A newly amended lawsuit alleges Douglas Elliman’s Florida operation failed to supervise its agents, one of whom is accused of committing forgery and fraud.
Douglas Elliman’s Florida operation failed to supervise two agents in a dual-agency deal, one of whom is accused of committing acts of forgery and fraud that resulted in a condo in disrepair that ultimately sold for less than the original listing price, according to a newly amended lawsuit.
Homeowners Bernaldo and Constance Dancel filed an amended complaint in late July, with an additional claim for punitive damages added last week in their multiyear lawsuit against Douglas Elliman Florida and agents Chase Patterson and Dedric Copeland in Sunny Isles Beach, just north of Miami. Both agents served as listing agent for the property while Copeland also served as the original buyer’s agent.
The plaintiffs say they entered into an exclusive listing contract with the agents on May 21. The agreement — which gave Douglas Elliman the exclusive rights from May 21 to Nov. 21, 2016 — would pay Douglas Elliman a 6 percent commission with the agents each getting a cut, according to the complaint.
On July 8, all parties agreed to reduce the listing price from $3.6 million to $3.49 million, according to the complaint.
At that time, the listing agents said they had a buyer, who was also represented by Copeland, and the two sides agreed on a sale price of $3.35 million. Copeland was to act as the listing and buyer’s agent for the deal, with Patterson acting solely as a listing agent, the complaint states.
Prior to entering into a contract, the plaintiffs allegedly agreed to undertake $59,000 in repairs on the condo, as a condition of the sale. According to the complaint, Copeland said he could arrange for the contractors and directed the plaintiffs to pay him directly.
The repairs included mold remediation and mostly cosmetic upgrades, including, marble floor repair, minor interior design adjustments, replacement of kitchen appliances, cabinets, replacement of decorator finishes, painting and plastering.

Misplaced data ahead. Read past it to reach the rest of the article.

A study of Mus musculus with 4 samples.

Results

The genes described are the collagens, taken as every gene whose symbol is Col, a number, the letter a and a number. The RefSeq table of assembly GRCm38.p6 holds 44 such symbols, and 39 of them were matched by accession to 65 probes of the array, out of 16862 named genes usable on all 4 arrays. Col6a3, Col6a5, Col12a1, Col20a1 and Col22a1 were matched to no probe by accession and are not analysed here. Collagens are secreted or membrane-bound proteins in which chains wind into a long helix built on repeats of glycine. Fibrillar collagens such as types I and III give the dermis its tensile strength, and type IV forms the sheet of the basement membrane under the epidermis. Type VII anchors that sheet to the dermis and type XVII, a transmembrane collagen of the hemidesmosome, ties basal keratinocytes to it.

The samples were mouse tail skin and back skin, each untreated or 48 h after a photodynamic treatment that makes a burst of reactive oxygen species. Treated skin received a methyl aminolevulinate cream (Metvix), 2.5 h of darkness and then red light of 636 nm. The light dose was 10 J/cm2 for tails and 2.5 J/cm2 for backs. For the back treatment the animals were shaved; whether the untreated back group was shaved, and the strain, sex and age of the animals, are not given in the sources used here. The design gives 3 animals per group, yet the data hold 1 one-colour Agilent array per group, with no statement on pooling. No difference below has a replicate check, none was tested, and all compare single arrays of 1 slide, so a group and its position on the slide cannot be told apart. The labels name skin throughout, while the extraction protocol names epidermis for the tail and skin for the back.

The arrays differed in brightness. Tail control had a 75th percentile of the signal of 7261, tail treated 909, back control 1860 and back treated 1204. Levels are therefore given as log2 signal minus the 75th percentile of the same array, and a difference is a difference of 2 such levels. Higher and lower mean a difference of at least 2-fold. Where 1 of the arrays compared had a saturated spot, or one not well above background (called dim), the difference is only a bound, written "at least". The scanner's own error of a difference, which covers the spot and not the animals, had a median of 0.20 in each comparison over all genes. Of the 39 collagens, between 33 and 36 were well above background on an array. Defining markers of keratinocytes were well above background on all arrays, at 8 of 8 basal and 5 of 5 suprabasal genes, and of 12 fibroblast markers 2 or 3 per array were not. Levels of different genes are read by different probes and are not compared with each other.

The buyer was to put down a $100,000 deposit, which would act as insurance for the plaintiffs’ investment into the repairs, since the repairs were being made specifically for that buyer, the complaint states.
The plaintiffs say they found out later that the deposit wasn’t given on time, but despite knowing this Copeland allowed the work to continue. Eventually, when the buyer did put the $100,000 deposit down, the check was made out to a limited liability corporation owned by Copeland and his family, according to the complaint.
“Defendant Copeland not only took the Plaintiff’s $59,000 to perform the repairs, but then took the despot of $100,000 from his other client and gave it to himself and his family’s company,” the complaint reads.
The two parties eventually agreed to extend the closing date because work wasn’t finished and a new contract was drawn up with the dates changed, according to the complaint. It was off that new contract that Copeland allegedly convinced Douglas Elliman to pay him an advanced commission.
When the next closing date neared, the plaintiffs said they realized the condo was still in total disrepair, none of the permits had been obtained and no real renovation work was being done. The closing did not occur and repairs went over the $100,000 mark.
According to the complaint, Patterson claims he tried to enter the unit multiple times to monitor the progress, but Copeland would not allow him to enter. Copeland instead insisted everything was fine and Patterson should sit back and collect his commission, the complaint states.
“The plaintiffs spent $59,000 for repairs that were never done, for a buyer whom required such repairs to be completed as a condition of closing,” the complaint reads. “There was no deposit being held by Douglas Elliman and the condominium was in a complete state of disrepair and could not be sold to a new buyer.”
Bernaldo Dancel said he reached out to Douglas Elliman’s Florida CEO Jay Parker. Parker allegedly made Dancel sign an agreement that Douglas Elliman did nothing wrong and then allegedly told the plaintiffs that Copeland would be fired once this listing was finally sold. Copeland would not take a commission from the sale, the plaintiffs were told, according to the complaint.
Eventually another buyer, again represented by Copeland, agreed to purchase the property for roughly $2.9 million. The second buyer eventually pulled out and alleged that he never actually signed any sales agreement and his signature was forged.
After the expiration of the exclusive listing agreement, Dancel found another brokerage and sold the property for significantly less money.
The complaint includes 15 counts. Among them are allegations of forgery, fraud, negligent misrepresentation and breaches of listing agreement and contract. The plaintiffs are seeking unspecified damages for each claim.
Douglas Elliman declined to comment for the story on the lawsuit itself, and whether it still has a relationship with Copeland. Copeland, according to public records, still has an active real estate license that states he is employed by Douglas Elliman.